Having battled diabetes for most of her life, Stacey Knox had been on the kidney transplant waiting list for over a year. Despite numerous offers from family members to help her, there were no matches, so she joined the group of more than 93,000 Americans waiting to receive a kidney from a deceased donor.
Until one night, Knox received news that she never expected.
Knox, 34 of Lewes, Del., was awoken by a loud knock on her front door. A police officer informed her that her father had been hit by a car, and that she needed to go to the hospital as soon as possible. Knox rushed to his side. But unfortunately, due to significant brain injuries, her father passed away.
In the wake of his passing, Knox met with a Gift of Life representative to discuss options for donating her father’s organs. Since he had not specified on his license that he was a donor, Gift of Life looked to Knox to make the decision—unaware that she herself was on the waitlist for a kidney.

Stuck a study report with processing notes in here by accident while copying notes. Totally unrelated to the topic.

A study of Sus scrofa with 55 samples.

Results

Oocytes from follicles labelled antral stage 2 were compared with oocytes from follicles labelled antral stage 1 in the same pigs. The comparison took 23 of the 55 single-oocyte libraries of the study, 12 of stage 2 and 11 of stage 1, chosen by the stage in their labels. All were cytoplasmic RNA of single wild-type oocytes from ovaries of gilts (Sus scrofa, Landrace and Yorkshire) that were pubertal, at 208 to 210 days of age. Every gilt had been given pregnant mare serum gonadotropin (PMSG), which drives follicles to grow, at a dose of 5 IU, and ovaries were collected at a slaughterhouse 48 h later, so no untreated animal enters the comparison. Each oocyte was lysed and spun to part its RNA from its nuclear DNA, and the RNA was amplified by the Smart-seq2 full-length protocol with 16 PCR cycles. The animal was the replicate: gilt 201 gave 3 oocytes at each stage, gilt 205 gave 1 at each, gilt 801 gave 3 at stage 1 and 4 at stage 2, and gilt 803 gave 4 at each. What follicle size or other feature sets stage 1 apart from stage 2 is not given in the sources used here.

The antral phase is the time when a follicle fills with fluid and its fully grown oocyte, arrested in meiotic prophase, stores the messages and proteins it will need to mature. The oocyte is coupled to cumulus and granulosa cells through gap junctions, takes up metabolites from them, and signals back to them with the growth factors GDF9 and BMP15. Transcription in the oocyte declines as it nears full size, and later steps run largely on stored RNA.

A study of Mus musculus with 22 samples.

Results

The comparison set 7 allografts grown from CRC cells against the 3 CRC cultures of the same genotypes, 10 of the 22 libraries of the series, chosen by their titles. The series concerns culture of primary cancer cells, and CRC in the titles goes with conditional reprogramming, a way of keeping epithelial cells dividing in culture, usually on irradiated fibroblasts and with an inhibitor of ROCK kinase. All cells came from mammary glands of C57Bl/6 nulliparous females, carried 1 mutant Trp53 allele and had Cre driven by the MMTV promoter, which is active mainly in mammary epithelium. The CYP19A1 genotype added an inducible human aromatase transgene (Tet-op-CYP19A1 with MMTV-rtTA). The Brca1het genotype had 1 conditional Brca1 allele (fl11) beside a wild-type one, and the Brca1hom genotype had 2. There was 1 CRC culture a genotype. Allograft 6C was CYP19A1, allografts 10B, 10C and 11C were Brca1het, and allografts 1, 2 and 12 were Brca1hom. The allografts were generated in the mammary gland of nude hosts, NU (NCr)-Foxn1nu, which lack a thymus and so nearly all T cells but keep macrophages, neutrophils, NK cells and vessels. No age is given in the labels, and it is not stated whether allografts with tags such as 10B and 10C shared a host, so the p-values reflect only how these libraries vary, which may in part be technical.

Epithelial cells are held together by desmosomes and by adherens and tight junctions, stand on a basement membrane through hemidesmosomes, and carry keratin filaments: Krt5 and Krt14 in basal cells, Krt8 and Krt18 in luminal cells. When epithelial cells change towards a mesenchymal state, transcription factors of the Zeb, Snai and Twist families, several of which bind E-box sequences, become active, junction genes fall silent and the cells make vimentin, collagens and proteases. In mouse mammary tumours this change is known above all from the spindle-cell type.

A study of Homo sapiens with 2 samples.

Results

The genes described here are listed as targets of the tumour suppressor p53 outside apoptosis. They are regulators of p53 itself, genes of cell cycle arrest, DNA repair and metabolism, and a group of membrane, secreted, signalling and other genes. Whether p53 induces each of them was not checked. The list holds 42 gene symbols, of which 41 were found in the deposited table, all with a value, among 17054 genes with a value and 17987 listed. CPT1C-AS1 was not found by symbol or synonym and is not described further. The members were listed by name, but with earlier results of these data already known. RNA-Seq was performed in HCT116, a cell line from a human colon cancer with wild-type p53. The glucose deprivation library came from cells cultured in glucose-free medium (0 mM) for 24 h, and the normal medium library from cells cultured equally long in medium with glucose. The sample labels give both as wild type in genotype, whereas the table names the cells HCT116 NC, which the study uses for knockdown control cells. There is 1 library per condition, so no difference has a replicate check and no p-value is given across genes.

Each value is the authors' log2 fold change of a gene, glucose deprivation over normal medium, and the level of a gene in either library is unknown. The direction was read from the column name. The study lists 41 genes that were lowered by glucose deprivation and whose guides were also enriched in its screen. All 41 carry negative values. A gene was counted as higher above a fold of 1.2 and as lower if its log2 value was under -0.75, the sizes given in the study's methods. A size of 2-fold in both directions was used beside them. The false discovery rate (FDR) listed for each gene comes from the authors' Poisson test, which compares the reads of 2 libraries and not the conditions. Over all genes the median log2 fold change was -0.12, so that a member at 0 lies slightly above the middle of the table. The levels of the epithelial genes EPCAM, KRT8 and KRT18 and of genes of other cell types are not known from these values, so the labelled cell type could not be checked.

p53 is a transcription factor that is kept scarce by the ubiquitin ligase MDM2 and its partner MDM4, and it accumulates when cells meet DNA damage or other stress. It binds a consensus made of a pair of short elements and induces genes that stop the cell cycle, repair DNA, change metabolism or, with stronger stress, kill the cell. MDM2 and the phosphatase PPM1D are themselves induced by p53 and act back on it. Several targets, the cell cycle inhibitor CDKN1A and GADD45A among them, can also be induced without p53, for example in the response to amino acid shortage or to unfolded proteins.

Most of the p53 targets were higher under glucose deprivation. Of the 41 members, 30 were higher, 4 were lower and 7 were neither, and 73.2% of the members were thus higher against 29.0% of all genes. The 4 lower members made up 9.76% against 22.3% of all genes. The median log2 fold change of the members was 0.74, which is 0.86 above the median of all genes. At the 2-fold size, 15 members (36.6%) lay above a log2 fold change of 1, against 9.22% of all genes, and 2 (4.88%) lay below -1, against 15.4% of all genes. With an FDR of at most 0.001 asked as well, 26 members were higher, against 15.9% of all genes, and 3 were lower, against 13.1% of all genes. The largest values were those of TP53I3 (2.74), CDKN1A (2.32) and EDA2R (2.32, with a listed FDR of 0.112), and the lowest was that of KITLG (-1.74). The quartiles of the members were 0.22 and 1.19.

Knox recounted her own story, and noted that her father always wanted to be a donor, but could not become one because he had health issues that made him ineligible. But his untimely death paved the way for him to be tested for candidacy to give the gift of life to his daughter.
Much to Knox’s surprise, her father was a perfect match.
Knox got the news that she would receive her father’s kidney on a Sunday afternoon, with only three hours to get to the Hospital of the University of Pennsylvania in traffic from the Jersey shore. Making her way through the miles of gridlock, Knox arrived in Philadelphia and received her father’s kidney the next day. After her surgery on August 10th, Knox is recovering well and is grateful to her father. Despite her grief, she feels very lucky, and says now she’ll always have a piece of him with her.
In this tragedy-turned-miracle, Knox and three other people waiting for organ transplants received second chance at life.